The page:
Whether called a turn, corner, or curve, changing direction requires special attention. The counter-steering helps you manage it in a simple manner.
You can determine any rider’s basic skill level by how well he can change directions. There is a scale of rider ability and nowhere is it more obvious than in this action of riding.
When riding a motorcycle at very low speed (like walking speed), change direction by leaning the motorcycle and turning the handlebars in the direction you want to go. At higher speeds, you initiate a change of direction by first pressing (forward or down) the handgrip on the same side of the intended turn. This is called countersteering because the handlebars are initially moved opposite the direction of the turn.
During an international conference on motorcycle safety held in San Francisco, Dr. Harry Hurt and a group of Honda researchers presented technical papers documenting how counter-steering worked and how its conscious use could benefit motorcycle riders by making it easier to avoid collisions.
The counter-steering researches had opened the door to riding improvement for everyone.
Pratically everyone learns how to ride without any understanding of counter-steering, but the moment it is fully comprehended and applied, it opens the door to vast amounts of improvement in every possible situation that requires steering the bike.
The purpose of steering is to control the motorcycle direction of travel. In racing or in any riding situation, you must feel that the steering and the direction of the bike are under your control.
The faster you go, the more you want to be certain that the machine will do what you want it to.
Everyone tips over (crashes) their bicycle when they first learn to ride. Do you remember? After the training wheels were removed, (if you had them), you crashed, if you never had training wheels, you still crashed. Of course you did; there wasn’t anyone around who unsterdood counter steering and even if they did, it’s hard to communicate it to someone who has never before ridden a single-track, tandem-wheeled vehicle.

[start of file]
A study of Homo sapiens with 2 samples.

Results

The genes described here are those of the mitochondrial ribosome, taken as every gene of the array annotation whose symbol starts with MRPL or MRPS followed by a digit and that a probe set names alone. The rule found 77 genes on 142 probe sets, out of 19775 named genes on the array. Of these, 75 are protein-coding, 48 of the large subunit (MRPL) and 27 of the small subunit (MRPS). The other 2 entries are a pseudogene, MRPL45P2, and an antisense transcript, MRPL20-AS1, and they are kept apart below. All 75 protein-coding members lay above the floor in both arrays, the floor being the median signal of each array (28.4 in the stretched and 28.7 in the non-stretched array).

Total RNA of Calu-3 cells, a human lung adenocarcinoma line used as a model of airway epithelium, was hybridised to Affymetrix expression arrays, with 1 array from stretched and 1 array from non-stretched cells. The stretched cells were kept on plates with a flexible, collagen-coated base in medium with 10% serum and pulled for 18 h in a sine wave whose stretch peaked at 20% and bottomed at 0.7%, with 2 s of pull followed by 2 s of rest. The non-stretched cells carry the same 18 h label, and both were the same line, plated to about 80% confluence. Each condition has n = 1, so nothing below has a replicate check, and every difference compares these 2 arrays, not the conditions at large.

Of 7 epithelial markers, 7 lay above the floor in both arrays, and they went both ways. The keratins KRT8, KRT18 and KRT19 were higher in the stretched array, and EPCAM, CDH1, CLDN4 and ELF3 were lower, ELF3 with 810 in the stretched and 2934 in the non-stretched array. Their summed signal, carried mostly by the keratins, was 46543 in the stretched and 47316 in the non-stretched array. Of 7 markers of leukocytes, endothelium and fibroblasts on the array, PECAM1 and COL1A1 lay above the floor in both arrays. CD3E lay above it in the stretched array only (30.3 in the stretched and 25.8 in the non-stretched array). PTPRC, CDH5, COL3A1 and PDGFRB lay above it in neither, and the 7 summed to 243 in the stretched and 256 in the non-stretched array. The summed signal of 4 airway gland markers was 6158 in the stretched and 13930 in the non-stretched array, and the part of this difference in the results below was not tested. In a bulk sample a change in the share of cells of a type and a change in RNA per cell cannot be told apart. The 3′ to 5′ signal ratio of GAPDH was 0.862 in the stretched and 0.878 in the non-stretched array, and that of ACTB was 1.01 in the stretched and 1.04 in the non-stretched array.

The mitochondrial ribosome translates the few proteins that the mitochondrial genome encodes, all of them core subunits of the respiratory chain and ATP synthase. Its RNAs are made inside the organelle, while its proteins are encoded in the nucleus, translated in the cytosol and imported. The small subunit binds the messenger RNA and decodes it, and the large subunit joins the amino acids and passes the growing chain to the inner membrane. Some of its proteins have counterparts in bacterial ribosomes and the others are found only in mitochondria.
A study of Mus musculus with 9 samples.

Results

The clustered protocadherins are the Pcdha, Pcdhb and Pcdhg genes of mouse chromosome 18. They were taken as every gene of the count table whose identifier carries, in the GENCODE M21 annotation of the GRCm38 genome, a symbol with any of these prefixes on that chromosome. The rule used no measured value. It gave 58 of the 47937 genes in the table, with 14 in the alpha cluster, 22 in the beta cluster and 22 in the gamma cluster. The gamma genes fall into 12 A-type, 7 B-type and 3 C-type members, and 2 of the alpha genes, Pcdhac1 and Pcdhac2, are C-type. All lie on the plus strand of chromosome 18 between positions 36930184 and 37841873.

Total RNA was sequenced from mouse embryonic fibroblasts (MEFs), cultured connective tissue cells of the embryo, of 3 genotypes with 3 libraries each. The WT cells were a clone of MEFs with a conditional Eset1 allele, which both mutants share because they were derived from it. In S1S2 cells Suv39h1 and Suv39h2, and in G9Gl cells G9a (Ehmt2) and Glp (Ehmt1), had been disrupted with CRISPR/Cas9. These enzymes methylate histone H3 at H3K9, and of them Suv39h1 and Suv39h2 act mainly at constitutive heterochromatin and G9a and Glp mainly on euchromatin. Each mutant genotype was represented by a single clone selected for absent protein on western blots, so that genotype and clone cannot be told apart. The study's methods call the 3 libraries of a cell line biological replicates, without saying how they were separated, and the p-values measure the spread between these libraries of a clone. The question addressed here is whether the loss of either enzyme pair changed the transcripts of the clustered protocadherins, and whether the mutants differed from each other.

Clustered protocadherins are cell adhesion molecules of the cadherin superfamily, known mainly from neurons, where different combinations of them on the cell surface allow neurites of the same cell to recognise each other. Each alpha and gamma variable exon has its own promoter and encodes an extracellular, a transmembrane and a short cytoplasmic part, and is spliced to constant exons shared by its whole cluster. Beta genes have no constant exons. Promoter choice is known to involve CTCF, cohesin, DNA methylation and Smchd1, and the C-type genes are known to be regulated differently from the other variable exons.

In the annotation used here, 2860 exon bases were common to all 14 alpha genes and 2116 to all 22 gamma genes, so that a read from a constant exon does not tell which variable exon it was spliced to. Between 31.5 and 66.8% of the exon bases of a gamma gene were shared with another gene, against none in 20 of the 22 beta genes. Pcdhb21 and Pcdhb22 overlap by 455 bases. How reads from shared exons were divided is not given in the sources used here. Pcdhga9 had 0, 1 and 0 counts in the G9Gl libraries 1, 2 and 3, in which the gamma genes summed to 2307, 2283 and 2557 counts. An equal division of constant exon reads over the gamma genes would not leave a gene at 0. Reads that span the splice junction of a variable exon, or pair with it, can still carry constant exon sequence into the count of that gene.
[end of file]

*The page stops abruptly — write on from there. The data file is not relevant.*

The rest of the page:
- Counter: In an opposing manner or direction.
- Steering: To guide. It means to guide in an opposing manner.
Simple enough. You have the bars in your hands and you’re going straight, but you would like the bike to turn, let’s say, to the right. “To guide in an opposing manner”, you then apply some pressure, at the handlebars, to the left. The bike goes right.
How it works?
Steering is simple enough – you push the bars to the opposite direction of the direction you wish to travel.
To make things clear, lets suppose you are counter-steering to turn left. The following is performed:
- A torque on the handlebars to the right is applied.
- The front wheel will then rotate about the steering axis to the right and the tire will generate forces in the contact patch to the right.
- The machine as a whole steers to the right
- Because the forces in the contact patch are at ground level, this pulls the wheels “out from under” the bike to the right and causes it to lean to the left.
- The rider, or in most cases the inherent stability of the bike, provides the steering torque necessary to rotate the front wheel back to the left and in the direction of the desired turn.
- The bike beings a turn to the left.
In summary, counter steering is basic steering technology: Turn it one way and it goes the other. This, in fact, is how you’ve been steering your motorcycle all the time, whether you knew it or not. You cannot steer a motorcycle simple by leaning it.